It’s 8 years today since the first Fitness Playground opened, in Surry Hills. A lot has changed – for FP and the wider fitness landscape – since then. And what’s coming next is even more exciting.
Fitness Playground’s CEO & Co-Founder Justin Ashley has recently returned from the world’s biggest fitness show, FIBO, in Germany. He got a good picture of what the near-future of fitness holds, and it’s looking bright.
He takes a quick trip down the memory lane of fitness before giving a sneak peek of what’s to come.
Fitness 8 years ago.
The current fitness industry.
The near future of fitness.
Want more detail? Read on…
Aesthetics & fads: “Hospital expenditure has doubled over the last 10 years, while the fitness industry has grown. Why the gap? I think it’s because, in the recent past, the fitness industry has been focused on two things,” says Ashley. “Firstly, it's been filled with fads. So you know, the ‘ab roller’ is suddenly going to get you abs. And secondly, it's been focused on aesthetics – fitness to look good as opposed to feeling good. Hence the rise of bodybuilding competitions and the fitspo Instagram star throughout the 2010s. Thankfully I think there’s been some movement away from that since we first opened.”
Cookie-cutter gyms: “Globalisation led to the development of cookie-cutter gyms. We saw businesses who opened in one market and did so well, but then opened in another market and failed. I don't think ‘cookie cutter’ is the future of fitness, or any brand. There’s a need for some level of personalisation. That’s why at Fitness Playground we curate our different gyms based on the local demographic.”
Fitness is a lifestyle: “There was a perception from many fitness industry people, including myself, that people wouldn't spend $50 to $80 a week to do what is essentially a circuit class. But F45 proved this wrong. Fitness has become a way of life for people – so people will spend $35 on a Barry's Bootcamp session, then $50 on an infrared sauna session, then go and buy a $14 green juice. Consumers are prepared to invest in their health.”
Experience reigns supreme: “What that also shows us is that people are willing to pay for good experiences that make them feel good. I think that’s what we’re doing right at Fitness Playground. At a business-model level, we consider ourselves to be a “Super Boutique” – we take all the best boutique experiences you can get, and put them all under one roof. So a member only needs to go to one place to get an endless number of experiences to achieve their goals. It also means our gyms are becoming people’s ‘third place’ [places people spend time between home (‘first place’) and work (‘second place’), to build relationships and have a good time.].”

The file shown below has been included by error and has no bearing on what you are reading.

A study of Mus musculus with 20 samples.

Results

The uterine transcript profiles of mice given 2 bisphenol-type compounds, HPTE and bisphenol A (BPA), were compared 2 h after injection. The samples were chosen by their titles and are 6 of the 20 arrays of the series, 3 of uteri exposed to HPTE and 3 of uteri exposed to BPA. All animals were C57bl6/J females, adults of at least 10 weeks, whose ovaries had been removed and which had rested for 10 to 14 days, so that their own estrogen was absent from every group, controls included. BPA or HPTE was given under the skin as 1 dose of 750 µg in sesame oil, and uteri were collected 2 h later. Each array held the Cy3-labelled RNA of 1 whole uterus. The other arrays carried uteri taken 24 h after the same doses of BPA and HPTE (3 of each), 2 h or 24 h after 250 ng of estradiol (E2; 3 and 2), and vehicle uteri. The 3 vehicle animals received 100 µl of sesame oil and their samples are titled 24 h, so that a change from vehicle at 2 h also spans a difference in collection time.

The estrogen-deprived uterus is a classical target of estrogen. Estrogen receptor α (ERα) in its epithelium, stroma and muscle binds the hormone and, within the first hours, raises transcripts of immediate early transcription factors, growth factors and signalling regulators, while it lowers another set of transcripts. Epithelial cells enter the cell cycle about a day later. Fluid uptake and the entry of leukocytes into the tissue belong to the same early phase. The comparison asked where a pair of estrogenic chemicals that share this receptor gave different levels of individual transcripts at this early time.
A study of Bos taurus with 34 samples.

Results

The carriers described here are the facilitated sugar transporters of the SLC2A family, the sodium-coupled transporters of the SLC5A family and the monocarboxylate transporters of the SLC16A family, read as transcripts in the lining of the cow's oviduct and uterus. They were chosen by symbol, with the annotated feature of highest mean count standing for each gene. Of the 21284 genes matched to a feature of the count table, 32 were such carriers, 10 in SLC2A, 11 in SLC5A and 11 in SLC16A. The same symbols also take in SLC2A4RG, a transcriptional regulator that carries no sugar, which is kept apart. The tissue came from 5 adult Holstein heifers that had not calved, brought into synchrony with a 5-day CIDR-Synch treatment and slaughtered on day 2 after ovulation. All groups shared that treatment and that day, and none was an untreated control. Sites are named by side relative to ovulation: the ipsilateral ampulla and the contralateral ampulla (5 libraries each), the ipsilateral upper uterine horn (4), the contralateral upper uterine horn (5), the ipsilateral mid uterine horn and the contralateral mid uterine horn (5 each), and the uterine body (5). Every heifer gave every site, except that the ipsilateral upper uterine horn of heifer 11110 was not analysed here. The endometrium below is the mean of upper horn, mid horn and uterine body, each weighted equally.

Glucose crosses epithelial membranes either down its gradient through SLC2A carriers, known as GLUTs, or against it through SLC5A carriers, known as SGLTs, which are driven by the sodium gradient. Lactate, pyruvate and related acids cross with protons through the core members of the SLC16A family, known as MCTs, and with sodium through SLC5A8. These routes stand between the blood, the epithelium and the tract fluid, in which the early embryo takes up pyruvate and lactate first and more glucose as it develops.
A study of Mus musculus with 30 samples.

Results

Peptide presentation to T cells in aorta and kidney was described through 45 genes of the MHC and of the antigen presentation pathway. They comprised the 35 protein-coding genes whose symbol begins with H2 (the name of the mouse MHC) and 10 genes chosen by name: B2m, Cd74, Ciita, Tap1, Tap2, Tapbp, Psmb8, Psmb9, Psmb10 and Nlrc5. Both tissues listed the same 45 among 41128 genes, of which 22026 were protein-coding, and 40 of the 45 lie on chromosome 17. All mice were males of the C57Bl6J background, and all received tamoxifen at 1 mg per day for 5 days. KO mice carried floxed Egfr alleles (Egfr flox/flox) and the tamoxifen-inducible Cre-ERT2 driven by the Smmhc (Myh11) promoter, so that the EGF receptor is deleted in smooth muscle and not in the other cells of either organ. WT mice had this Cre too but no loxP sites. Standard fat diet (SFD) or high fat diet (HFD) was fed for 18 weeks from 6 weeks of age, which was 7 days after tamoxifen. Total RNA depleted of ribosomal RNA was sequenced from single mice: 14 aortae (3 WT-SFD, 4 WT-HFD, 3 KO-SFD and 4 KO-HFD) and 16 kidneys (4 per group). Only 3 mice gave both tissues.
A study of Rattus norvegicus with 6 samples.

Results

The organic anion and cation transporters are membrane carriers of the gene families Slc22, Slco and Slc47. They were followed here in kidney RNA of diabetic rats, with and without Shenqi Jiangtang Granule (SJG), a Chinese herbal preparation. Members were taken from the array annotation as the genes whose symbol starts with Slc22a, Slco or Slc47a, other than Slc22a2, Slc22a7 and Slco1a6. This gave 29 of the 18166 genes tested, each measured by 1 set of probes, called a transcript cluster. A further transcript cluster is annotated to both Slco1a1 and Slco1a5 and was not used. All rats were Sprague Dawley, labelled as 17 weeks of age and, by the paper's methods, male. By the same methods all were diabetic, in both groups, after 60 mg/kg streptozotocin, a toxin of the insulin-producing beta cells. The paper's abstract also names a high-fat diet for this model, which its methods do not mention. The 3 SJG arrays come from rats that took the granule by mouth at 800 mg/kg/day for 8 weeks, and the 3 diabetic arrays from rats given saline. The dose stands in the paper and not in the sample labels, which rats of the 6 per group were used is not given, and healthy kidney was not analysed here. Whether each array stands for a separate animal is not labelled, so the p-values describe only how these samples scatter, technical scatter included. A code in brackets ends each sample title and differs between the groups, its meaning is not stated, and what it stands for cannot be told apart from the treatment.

Changing demographics: “Most gyms are still dominated by 25- to 40-year-olds. But I'm at that age where I'm about to exceed 40. And me and all the people I grew up with pretty much grew up going to the gym. We’re not going to stop going to the gym when we’re 50 or 60. So I think the fitness industry market is going to grow astronomically.”
Tech advancements: “The biggest thing we saw at FIBO were advancements in fitness tech, and the direction that’s heading. I think most people expect it to change over the next 10 years, but I think it will happen a lot faster than that. There are these new machines powered by artificial intelligence – they can measure, track and progress members based on biometric data, meaning hyper-personalised experiences. So you jump onto a weights machine, scan it with your phone, and the seat adjusts for your height. Then, say you can lift 50 kilos – that machine, the next time you tap it with your phone, will use that 1RM as a baseline, to progress your weight. The next time you come in, it might expect you to be able to lift 52.5kg, for example. It’s cool.”
Integration with your apps: “Of course, these technologies are integrating with Apple Watches and other devices, and also MyFitnessPal. So we’ll be able to see patterns about how often people are exercising, what exercise they do, how much stronger and fitter they’re getting. So we’ll be able to tell whether those who do certain types of exercise get the best results and exactly what it’s doing for their health.”
A focus on preventative health: “My vision for the future of the fitness industry – or, really, the wellness industry – is that it will take the lead in preventative health. How? Preventative health outcomes are going to be measured by two core audiences: the government, and the insurer. In order for your personal training sessions, for example, to be covered by insurance, what they will need to know is, if someone is going to the gym, being physically active and exercising regularly, are they going to be healthier? And how much will that bring our country’s healthcare costs down by? Through technology, wellness facilities will be able to quantify for the government and insurance companies how people’s cardio health is improving because they’re exercising.”